The Hague: A gunman opened fire on a tram in the Dutch city of Utrecht on Monday, killing at least three people and wounding several in what officials said was a possible terrorist incident.
Dutch Prime Minister Mark Rutte said people may have died in a shooting in the city of Utrecht being treated as a possible terror attack, adding that the Netherlands would "never give way to intolerance".
Rutte told a brief press conference in The Hague with the country's justice minister that there were "several wounded and possible deaths" in the incident.
A body covered in a sheet was reportedly seen on the tracks as armed police and emergency services swarmed around the scene in one of the largest cities in the Netherlands. Police said the attacker was still on the run after the incident. "A shooting occurred on the 24 Oktoberplein in Utrecht... Multiple people have been injured.
The surrounding area has been cordoned off and we are investigating the matter," Utrecht police said on Twitter. "It is a shooting incident in a tram. Several trauma helicopters have been deployed to provide help." Dutch Prime Minister Mark Rutte cancelled a meeting with his ruling coalition and was being briefed on the situation, officials said. Police later said that "a possible terrorist motive is part of the investigation".
The head of the Dutch national counter-terrorism service, Pieter-Jaap Aalbersberg, said on Twitter that he was having "crisis consultations" over the incident.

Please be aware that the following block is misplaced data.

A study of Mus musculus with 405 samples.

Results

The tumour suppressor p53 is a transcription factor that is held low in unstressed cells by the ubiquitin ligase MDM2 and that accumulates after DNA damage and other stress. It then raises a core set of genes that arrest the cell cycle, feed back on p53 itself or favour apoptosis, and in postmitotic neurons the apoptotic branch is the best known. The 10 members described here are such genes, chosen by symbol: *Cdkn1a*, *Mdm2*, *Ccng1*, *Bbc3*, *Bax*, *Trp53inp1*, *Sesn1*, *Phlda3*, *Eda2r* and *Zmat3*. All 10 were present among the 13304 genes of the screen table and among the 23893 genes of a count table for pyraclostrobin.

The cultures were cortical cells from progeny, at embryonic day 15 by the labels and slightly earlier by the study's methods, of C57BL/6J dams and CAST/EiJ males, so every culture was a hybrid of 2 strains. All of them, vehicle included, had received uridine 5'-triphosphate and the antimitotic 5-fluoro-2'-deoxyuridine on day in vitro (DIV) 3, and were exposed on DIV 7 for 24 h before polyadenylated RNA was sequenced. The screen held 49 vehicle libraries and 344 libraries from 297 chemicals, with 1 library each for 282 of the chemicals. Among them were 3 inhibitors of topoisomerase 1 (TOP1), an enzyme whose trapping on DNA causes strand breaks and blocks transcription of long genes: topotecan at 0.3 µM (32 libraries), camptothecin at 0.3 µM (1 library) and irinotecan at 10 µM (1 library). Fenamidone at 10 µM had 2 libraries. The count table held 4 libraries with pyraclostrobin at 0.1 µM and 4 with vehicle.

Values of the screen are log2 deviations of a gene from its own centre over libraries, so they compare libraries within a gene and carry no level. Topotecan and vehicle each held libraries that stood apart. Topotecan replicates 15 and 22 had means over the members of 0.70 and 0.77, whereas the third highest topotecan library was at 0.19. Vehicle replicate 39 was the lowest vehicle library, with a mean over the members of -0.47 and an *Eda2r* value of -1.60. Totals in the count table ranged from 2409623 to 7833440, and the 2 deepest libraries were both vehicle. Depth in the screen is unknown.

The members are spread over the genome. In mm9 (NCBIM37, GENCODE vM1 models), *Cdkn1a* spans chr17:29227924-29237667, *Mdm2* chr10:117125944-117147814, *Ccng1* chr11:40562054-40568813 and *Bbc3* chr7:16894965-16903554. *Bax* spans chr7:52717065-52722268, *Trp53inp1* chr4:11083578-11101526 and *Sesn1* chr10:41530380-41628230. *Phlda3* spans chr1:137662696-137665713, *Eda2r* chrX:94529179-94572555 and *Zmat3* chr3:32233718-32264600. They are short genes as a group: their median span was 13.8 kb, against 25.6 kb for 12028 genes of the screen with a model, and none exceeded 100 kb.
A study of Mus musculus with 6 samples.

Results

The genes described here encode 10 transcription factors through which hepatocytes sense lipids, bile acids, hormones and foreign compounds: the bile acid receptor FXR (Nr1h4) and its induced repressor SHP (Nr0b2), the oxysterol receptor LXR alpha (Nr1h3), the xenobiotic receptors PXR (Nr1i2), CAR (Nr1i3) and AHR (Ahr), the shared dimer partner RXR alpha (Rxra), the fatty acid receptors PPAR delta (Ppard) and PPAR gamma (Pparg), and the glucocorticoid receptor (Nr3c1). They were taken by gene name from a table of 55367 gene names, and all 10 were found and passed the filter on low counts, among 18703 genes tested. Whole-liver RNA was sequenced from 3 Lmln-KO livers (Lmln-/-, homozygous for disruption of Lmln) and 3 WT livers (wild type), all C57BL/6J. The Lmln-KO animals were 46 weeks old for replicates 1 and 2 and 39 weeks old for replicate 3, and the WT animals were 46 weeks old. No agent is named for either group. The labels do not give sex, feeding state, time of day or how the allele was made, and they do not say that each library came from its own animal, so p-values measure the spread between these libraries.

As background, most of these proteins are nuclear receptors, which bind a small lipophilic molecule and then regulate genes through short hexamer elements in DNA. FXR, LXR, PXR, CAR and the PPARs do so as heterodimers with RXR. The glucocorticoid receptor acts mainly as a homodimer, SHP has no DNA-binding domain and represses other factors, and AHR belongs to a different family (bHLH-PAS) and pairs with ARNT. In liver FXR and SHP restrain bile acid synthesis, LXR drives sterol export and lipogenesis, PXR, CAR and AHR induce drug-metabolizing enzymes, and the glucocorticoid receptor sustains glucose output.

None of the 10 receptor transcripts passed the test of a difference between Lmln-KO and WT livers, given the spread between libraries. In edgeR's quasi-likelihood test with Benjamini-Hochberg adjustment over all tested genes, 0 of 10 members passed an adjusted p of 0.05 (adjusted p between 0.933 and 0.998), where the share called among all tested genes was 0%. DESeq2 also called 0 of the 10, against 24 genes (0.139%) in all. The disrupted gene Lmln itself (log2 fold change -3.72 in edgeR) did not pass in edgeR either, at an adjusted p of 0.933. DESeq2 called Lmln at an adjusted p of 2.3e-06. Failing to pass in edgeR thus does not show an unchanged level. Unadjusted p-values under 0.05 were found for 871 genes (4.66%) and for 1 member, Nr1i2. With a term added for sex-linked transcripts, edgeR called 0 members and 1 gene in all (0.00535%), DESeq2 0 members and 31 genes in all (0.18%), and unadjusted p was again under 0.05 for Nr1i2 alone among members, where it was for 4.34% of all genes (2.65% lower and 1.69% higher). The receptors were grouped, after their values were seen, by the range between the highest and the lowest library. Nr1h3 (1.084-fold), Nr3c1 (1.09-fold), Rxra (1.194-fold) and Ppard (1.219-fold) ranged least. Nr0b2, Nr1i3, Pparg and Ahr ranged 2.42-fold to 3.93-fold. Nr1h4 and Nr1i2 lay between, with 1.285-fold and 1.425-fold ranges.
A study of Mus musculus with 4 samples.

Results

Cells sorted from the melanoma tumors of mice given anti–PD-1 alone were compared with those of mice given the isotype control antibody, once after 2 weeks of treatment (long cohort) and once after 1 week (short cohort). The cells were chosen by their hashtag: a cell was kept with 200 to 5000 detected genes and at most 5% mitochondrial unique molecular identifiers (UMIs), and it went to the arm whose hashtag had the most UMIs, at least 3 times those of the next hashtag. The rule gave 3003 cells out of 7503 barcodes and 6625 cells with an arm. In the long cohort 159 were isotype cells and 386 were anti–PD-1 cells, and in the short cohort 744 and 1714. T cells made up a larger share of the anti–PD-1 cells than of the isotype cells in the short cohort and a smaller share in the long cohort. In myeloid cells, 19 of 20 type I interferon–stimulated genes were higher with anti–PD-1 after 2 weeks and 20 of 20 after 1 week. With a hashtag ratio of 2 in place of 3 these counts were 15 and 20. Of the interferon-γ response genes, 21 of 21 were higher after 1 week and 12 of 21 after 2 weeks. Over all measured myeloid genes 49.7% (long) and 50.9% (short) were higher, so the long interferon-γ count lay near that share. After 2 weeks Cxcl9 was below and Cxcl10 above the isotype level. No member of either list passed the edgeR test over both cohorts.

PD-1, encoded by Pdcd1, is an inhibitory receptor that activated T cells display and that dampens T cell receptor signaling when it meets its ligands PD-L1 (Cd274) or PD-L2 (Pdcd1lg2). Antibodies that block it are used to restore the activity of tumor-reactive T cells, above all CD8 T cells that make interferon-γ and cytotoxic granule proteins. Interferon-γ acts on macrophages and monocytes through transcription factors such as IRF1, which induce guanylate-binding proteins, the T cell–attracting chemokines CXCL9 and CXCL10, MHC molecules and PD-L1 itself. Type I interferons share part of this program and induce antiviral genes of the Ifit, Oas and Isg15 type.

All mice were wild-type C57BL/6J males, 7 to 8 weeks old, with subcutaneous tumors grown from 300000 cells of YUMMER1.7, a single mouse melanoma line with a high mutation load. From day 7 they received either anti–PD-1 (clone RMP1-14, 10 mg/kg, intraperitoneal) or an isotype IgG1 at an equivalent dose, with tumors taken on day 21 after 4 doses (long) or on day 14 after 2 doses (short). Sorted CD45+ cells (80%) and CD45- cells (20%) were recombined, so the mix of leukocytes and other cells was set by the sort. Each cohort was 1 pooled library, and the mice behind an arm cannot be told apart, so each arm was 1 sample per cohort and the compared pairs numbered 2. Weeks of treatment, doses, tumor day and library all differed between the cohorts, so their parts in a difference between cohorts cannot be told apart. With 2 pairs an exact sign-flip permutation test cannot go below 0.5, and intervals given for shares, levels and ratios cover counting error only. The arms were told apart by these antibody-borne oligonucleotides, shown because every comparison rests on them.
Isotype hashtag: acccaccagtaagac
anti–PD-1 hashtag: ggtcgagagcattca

"NCTV is monitoring the situation in #Utrecht. In close contact with local authorities. We cannot rule out terrorist motive. Crisis team is activated," he said.
A shooting occurred on the #24oktoberplein in #Utrecht. The incident has been reported at 10.45 hour. Multiple people have been injured. The surrounding area has been cordoned off and we are investigating the matter.— Politie Utrecht (@PolitieUtrecht) March 18, 2019
"Offender still fugitive," Aalbersberg said, adding that the terror threat level had been raised to the maximum of five in Utrecht for the next 18 hours. Local media showed photographs of masked, armed police and emergency vehicles surrounding a tram that had stopped near a road bridge.
Tram traffic in the area was halted, operator Qbuzz was quoted as saying by the ANP news agency. The Netherlands has been largely spared the kind of attacks which have rocked its closest European neighbours in the past few years, but there has been a series of recent scares.
In August, a 19-year-old Afghan with a German residence permit stabbed and injured two American tourists at Amsterdam's busy Central Station before being shot and wounded. In September, Dutch investigators said they had arrested seven people and foiled a "major attack" on civilians at a major event in the Netherlands.
They said they had found a large quantity of bomb-making materials including fertiliser likely to be used in a car bomb. The men were arrested in the cities of Arnhem and Weert.
In June, two terror suspects were arrested while close to carrying out attacks including at an iconic bridge in Rotterdam and in France, prosecutors said. The men aged 22 and 28, who were of Moroccan origin, made a film at the Erasmus bridge in which they sang a martyrdom song, they said.